Sometimes a garden hose will spring a pin-hole. Every leak reduces the amount of water reaching our plants, or increases the time we have to spend watering to give the plants enough. In hot dry weather, time spent watering is at a premium! Leaky hoses can waste a lot of water in one growing season! We need ways to get leaky hoses back in action quickly. Here's a way to quickly repair hose pin-holes, using parts you likely already have in your shed.
A repaired hose ready to get back into action. Photo by Pam Dawling
If you are dealing with larger holes, or lengthwise cracks, cut out the damaged portion and see my August 2017 post Step by Step Garden Hose Repairs. If it's a very small hole, you likely have been questioning whether it's worth the time to cut the hose and fit a repair coupling. Here's an alternative (with no cutting) that's very quick to do.
My collection of old hose repair clamps, ready for a new life. Photo by Pam Dawling
Plastic hose repair clamps often last longer than the inserts. I hope you kept some clamps. Maybe you don't have as impressive a collection as I do, but you only need one for each repair. The other item you need is a piece of inner tube. Tools needed are a permanent marker to circle the pinhole before you lose sight of it, scissors to cut the inner tube, and a Philips screwdriver for the clamp.
Keep a caddy of hose repair tools handy, including an old inner tube. Photo by Pam Dawling
Cut a piece of inner tube a bit longer than the clamp, and wrap it around the hose over your circled pin-hole. Fit the halves of the clamp around the inner tube, being careful to keep it smooth, rather than bunched up. Have the clamps directly over the hole. Fit the screws and tighten the clamp. Test the hose. You're done.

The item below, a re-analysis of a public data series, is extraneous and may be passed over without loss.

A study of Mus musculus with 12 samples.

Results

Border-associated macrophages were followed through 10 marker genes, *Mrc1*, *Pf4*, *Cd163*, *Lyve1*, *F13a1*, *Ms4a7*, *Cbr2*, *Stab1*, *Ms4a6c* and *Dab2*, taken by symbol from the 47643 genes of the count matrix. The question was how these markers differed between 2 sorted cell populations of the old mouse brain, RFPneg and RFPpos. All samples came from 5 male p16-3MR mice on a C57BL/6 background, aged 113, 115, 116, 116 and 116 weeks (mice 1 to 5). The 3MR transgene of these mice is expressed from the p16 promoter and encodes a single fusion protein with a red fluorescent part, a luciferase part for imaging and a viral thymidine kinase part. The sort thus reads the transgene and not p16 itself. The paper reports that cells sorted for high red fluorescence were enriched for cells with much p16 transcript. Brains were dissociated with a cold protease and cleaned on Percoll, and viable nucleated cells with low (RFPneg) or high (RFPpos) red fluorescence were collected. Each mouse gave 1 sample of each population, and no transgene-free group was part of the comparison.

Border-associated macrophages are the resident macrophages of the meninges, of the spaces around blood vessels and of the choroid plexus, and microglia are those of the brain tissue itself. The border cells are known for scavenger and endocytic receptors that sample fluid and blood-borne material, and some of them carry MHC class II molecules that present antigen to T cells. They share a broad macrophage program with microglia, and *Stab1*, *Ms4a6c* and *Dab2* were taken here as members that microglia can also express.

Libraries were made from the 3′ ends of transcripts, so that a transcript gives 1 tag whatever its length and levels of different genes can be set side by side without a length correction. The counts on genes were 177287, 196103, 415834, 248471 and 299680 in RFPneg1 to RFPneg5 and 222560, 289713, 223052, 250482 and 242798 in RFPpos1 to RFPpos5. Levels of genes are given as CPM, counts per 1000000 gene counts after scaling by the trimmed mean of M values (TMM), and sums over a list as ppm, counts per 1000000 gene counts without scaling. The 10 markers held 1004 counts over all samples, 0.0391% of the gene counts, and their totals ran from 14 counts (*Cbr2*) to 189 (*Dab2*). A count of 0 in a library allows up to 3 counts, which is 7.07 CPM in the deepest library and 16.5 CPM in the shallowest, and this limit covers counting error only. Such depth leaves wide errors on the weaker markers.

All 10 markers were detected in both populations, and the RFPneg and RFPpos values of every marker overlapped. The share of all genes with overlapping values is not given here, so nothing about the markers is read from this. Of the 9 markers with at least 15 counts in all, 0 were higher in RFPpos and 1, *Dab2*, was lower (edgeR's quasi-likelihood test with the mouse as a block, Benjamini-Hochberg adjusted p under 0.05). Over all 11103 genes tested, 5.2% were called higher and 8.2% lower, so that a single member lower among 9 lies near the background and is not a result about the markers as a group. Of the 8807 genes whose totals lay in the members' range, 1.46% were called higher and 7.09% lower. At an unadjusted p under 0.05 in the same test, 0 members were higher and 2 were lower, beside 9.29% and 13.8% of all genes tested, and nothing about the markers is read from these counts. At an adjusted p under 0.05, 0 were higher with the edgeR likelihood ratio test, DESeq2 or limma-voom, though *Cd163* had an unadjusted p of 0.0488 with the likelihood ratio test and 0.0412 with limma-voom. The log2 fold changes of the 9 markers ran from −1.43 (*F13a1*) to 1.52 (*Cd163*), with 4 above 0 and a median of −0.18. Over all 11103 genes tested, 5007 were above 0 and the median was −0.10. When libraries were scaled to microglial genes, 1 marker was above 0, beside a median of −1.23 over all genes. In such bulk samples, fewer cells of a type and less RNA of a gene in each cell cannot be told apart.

Buy good quality watering tools
I've noticed that cheap hoses usually crack up, and that it is the better-quality ones that eventually spring pin-holes. Those good hoses are really worth repairing! Without being paid to say so, I like the Gilmour Flexogen hoses. Their heavy-duty hoses have a lifetime warranty, and even their medium-duty ones have a 10 year warranty. That's for home use. They also sell professional hoses, as well as the heavy-duty all-metal hose repair ends I advocate in Step by Step Garden Hose Repairs.
Pam Dawling works in the vegetable gardens at Twin Oaks Community in central Virginia. She often presents workshops at MEN Fairs, as well as sustainable agriculture conferences. Pam also writes for Growing for Market and other magazines. Her book, Sustainable Market Farming: Intensive Vegetable Production on a Few Acres, is available at www.sustainablemarketfarming.com, Pam's second book The Year-Round Hoophouse will be published by New Society November 20, 2018. Her blog is on her website and also on facebook.com/SustainableMarketFarming.